When I Was 69

When I Was 69

A scientist who dealt with racism

 Dr. Ernest Everett Just, (August 14, 1883 – October 27, 1941)

 "Since history is not the factual record of events but the dramatic narrative our species superimposes over events, it is historical irony, in the classic Ancient Greek literary sense, that [Dr.] Just was among the biologists whose work laid the foundation for genomics and its sobering revelation that we share 98% of our DNA with a head of broccoli, dwarfing to absurdity the sub-negligible biological differences on which humans peg the artificial othernesses of their senseless biases." 

[Dr] "Just felt increasingly stifled by the swell of racism in his nation’s bosom, which kept him from obtaining a teaching position at a major university worthy of his talent and credentials."

Ernest Everett Just (Marine Biological Laboratory Archives)

Ernest Everett Just (Marine Biological Laboratory Archives)

Dr. Just "...admired as the “black Apollo” of science by the Italian women working at the Neapolitan laboratory for which he left Woods Hole, is the subject of The Vast Wonder of the World  by librarian-turned-author Mélina Mangal and Colombian illustrator Luisa Uribe — a lovey addition to the growing corpus of picture-book biographies of cultural heroes to foment young hearts with inspiration for growing vast minds and tenacious spirits.

Dr. Just "...believed that "life as an event lies in a combination of chemical stuffs exhibiting physical properties; and it is in this combination, i.e., its behavior and activities, and in it alone that we can seek life.".[31] He also wrote: "[L]ife is the harmonious organization of events, the resultant of a communion of structures and reactions",[11] and "We [scientists] have often striven to prove life as wholly mechanistic, starting with the hypothesis that organisms are machines! Living substance is such because it possesses this organization--something more than the sum of its minutest parts"[32] He argued forcefully that the "ectoplasm," the outer region of the cytoplasm, and not the nucleus, constitutes the heart of the dynamic cell. He was convinced that the surface of the egg cell possesses an "independent irritability," which enables the egg (and all cells) to respond productively to diverse stimuli.[33]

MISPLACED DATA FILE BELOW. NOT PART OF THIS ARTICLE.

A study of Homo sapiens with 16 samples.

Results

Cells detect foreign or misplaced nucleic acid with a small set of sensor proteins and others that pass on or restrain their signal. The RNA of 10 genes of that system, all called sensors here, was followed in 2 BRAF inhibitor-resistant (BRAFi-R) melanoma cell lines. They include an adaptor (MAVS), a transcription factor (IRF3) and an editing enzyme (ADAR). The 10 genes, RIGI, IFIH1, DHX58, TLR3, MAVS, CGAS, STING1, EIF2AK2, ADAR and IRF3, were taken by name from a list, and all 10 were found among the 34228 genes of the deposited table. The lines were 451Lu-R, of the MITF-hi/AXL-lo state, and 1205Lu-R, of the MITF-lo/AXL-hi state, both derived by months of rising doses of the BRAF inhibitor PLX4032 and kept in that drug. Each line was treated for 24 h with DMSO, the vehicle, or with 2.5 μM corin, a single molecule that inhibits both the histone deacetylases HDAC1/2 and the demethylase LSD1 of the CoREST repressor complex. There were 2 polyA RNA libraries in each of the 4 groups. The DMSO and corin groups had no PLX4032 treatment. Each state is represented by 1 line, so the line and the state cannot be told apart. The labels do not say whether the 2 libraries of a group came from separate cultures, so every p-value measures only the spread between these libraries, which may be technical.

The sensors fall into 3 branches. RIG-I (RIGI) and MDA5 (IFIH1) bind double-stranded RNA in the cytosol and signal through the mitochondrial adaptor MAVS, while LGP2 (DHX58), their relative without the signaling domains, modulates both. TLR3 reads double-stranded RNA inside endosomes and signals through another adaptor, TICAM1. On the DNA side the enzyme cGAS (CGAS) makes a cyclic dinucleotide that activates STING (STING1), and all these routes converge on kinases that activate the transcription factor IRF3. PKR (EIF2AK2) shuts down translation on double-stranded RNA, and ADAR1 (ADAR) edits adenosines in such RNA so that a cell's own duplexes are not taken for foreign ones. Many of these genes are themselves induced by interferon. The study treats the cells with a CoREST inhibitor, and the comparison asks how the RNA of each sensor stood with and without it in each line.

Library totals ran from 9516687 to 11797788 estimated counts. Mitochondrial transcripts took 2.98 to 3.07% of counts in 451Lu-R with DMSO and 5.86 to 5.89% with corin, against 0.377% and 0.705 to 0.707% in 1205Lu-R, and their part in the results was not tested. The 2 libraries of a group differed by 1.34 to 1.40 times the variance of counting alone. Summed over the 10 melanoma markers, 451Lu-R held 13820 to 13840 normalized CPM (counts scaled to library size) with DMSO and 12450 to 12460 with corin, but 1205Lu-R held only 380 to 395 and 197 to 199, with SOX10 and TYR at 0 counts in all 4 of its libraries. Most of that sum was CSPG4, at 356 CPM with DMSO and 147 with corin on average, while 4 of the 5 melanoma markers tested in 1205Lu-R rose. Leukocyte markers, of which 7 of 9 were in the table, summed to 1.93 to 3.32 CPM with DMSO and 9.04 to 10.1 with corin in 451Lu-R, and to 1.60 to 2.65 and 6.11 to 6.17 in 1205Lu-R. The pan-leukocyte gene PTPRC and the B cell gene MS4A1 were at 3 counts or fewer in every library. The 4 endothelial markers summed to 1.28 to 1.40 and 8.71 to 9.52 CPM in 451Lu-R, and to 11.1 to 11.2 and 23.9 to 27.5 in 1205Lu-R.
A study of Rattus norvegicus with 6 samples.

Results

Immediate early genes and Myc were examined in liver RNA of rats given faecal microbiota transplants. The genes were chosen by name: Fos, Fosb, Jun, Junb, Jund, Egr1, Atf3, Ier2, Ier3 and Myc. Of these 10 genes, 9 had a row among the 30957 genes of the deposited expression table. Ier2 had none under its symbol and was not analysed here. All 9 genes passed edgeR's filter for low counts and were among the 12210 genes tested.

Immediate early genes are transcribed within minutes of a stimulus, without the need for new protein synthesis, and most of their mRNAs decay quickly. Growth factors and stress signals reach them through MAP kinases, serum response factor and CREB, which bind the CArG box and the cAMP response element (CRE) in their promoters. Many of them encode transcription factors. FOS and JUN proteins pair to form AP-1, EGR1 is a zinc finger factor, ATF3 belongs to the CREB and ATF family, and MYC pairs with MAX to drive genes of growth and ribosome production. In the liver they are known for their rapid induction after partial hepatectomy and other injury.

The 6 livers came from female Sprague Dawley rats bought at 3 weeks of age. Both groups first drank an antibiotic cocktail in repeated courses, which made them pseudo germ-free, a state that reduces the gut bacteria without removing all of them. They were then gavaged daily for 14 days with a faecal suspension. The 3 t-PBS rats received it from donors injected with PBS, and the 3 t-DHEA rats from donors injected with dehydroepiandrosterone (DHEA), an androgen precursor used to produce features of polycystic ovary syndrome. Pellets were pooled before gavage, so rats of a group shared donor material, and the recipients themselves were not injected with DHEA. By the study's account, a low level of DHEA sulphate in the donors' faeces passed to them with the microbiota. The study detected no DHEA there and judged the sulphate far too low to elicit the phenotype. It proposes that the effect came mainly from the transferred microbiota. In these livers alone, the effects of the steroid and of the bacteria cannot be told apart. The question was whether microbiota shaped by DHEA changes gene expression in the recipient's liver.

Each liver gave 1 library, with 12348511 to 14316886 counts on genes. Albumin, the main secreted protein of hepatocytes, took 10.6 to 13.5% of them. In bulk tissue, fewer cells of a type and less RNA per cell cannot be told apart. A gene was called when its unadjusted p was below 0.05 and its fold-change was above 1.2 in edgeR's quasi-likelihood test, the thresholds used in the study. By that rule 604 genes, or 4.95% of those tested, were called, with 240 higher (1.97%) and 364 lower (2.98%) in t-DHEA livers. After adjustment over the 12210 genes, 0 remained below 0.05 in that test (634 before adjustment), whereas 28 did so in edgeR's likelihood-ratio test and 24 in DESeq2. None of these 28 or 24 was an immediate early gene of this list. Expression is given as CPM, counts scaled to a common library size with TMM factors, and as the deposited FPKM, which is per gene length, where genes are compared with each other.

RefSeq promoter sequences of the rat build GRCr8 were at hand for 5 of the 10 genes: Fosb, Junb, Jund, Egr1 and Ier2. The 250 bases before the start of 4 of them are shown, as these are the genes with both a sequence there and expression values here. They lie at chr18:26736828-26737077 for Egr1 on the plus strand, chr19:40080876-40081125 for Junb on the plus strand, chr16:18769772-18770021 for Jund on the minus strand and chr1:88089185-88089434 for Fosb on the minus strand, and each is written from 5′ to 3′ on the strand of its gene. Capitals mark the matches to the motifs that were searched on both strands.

Source: Wikepedia

  1.  Just, Ernest Everett (1988). The Biology of the Cell Surface (Facsimile ed.). New York: Garland Pub. ISBN 978-0824013806.
  2.  Just, E. E. (1933), "Cortical cytoplasm and evolution". Am. Nat. 67: 20–29.
  3. ^ Newman, Stuart A. (2009), "E. E. Just's 'independent irritability' revisited: The activated egg as excitable soft matter" Archived 2016-01-18 at the Wayback MachineMolecular Reproduction and Development 76 (11): 966–974.

10 comments:

  1. ...let's just cut to the chase, this is a racist country, PERIOD!

    Your post has me picturing a group of racists with heads that look like broccoli.
    Our country needs ALL the young bright minds working together. Have a happy day!




    1. I wouldn't know the name of any biologists who have made contributions to the wonders of modern science. But I read an article about Dr. Just.